To enrich the resources for measuring the impact of educational development work, we have created a rubric to assess the degree to which a syllabus achieves a learning orientation. The rubric provides qualitative descriptions of components that distinguish learning-focused syllabi and uses a quantitative scoring system that places syllabi on a spectrum from content-focused to learning-focused. It is flexible enough to accommodate a diverse range of levels, disciplines, institutions, and learning environments yet nuanced enough to provide summative information to developers using the tool for assessment purposes and formative feedback to instructors interested in gauging the focus of their syllabi.
To help others use the rubric effectively, we’ve created a User Guide that includes 1) relevant background information and details about validity and reliability, 2) the complete rubric, scoring directions, and a blank scoring sheet, 3) references, 4) and six reference syllabi which we’ve scored and fully annotated. Because this is a living document, check back regularly so that you have the most up-to-date version.
You may use our syllabus rubric and associated resources for research purposes provided you cite the following:
- Palmer, M. S., Bach, D. J., & Streifer, A. C. (2014). Measuring the promise: A learning‐focused syllabus rubric. To improve the academy: A journal of educational development, 33 (1), 14-36.
We have scored and fully annotated six different syllabi to help users of our syllabus rubric understand the meaning of low, moderate, and strong evidence. For the norming process, we recommend users score the six reference syllabi (Appendix C) first without the aid of our scores and annotations. Then, compare scores, referring to the annotations when discrepancies exist (Appendix D).
Analysis Data from UVa’s Course Design Institute
Using a one-group pretest-posttest study design, we have analyzed 54 pre-/post-CDI syllabi pairs. Figures 1-2 show pre- and post-CDI syllabi scores, respectively. Total pre-CDI scores range from 0 (2 syllabi) to 46 points (1 syllabus). The mean score was 9.4 (SD=10.0). Forty-seven syllabi fell in the content-focused range (87%), 5 in the transitional range (9%), and 2 in the learning-focused range (4%).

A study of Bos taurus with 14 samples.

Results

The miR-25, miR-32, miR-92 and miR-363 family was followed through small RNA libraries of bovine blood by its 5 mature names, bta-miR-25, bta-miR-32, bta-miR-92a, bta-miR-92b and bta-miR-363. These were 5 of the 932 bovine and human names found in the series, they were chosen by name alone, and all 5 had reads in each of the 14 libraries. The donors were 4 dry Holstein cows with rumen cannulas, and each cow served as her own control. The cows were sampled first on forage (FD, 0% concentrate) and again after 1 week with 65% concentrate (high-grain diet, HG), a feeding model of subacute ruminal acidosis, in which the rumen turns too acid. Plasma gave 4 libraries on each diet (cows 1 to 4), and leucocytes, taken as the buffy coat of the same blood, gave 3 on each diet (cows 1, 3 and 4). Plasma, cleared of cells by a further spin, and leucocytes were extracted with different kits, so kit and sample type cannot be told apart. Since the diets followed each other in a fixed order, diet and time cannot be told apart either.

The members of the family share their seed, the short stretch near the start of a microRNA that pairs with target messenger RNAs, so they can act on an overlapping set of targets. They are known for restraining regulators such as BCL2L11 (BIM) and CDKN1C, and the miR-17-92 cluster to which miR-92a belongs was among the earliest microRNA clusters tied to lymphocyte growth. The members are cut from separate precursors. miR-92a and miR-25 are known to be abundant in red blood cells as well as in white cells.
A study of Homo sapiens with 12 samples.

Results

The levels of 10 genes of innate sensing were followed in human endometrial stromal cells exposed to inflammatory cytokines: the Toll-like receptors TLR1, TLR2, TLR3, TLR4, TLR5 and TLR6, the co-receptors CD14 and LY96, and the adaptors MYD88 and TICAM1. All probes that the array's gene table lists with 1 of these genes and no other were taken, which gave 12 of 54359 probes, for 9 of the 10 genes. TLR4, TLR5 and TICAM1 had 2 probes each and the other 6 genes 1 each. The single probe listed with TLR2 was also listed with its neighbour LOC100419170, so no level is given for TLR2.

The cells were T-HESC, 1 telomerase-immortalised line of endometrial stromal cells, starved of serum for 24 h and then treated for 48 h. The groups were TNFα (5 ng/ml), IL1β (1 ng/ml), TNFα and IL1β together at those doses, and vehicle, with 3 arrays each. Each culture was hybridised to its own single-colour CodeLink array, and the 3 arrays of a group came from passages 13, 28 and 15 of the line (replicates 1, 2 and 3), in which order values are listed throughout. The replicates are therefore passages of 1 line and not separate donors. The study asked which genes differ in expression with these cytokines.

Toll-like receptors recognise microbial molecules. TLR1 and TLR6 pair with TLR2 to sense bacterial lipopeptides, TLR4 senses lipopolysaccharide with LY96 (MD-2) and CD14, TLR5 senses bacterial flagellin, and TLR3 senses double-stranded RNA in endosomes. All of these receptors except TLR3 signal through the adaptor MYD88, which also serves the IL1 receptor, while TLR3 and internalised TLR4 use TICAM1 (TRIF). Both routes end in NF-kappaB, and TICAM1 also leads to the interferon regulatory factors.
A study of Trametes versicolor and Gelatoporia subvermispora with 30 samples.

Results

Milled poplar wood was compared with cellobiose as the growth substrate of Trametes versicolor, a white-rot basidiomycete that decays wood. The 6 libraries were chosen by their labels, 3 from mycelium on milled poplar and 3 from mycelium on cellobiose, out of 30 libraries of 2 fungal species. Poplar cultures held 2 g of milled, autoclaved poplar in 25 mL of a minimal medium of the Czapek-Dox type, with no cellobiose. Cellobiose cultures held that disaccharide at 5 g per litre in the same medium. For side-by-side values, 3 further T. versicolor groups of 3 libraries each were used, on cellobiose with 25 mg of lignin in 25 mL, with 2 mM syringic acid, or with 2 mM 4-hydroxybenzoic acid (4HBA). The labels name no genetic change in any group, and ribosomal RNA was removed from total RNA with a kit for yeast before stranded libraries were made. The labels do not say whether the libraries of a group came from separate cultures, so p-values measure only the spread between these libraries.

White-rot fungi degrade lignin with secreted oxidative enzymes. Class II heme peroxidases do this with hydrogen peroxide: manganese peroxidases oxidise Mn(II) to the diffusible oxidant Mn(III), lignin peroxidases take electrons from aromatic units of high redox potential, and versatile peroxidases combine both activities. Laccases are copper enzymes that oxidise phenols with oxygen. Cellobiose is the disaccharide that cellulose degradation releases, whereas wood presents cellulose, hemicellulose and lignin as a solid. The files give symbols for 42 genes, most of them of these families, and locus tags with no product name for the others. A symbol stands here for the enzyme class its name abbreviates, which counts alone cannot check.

Total post-CDI scores range from 12.5 to 46 points (1 syllabus). The mean score was 31.4 (SD=9.32). Three syllabi fell in the content-focused range (6%), 21 in the transitional range (39%), and 30 in the learning-focused range (55%).
The plot of percent gain versus percent pre-CDI syllabus score is shown in figure 3. Using our definitions of low, moderate, and high gain, six instructors fell in the low-gain, 27 in the moderate-gain, and 20 in the high-gain region. The overall percent normalized gain (i.e. the average of the instructors’ percent normalized gains; %<<g>>) was determined to be 60.4% (SD=22.4%). This indicates that the average instructor is expected to gain 60.4% of the points possible to them regardless of their pre-CDI syllabus scores. In other words, the CDI intervention appears effective at moving the average instructor to at least the transitional range of the rubric.
As shown in Table 1, statistical significance was found for overall and criterion-level pre- and post-CDI scores. Effect sizes were measured with Pearson’s r (Sullivan & Feinn, 2012), and we found a practical significance (r: 0.2 = small, 0.5 = medium, and 0.8 = large) for all but Schedule.
|Table 1. Overall and criterion-level pre- and post-CDI statistics.|
|Median pre||Median post||z||p||r|
|Goals & Objectives||0.00||11.25||-6.07||<.001||-0.58|
Questions? Contact Michael Palmer at firstname.lastname@example.org.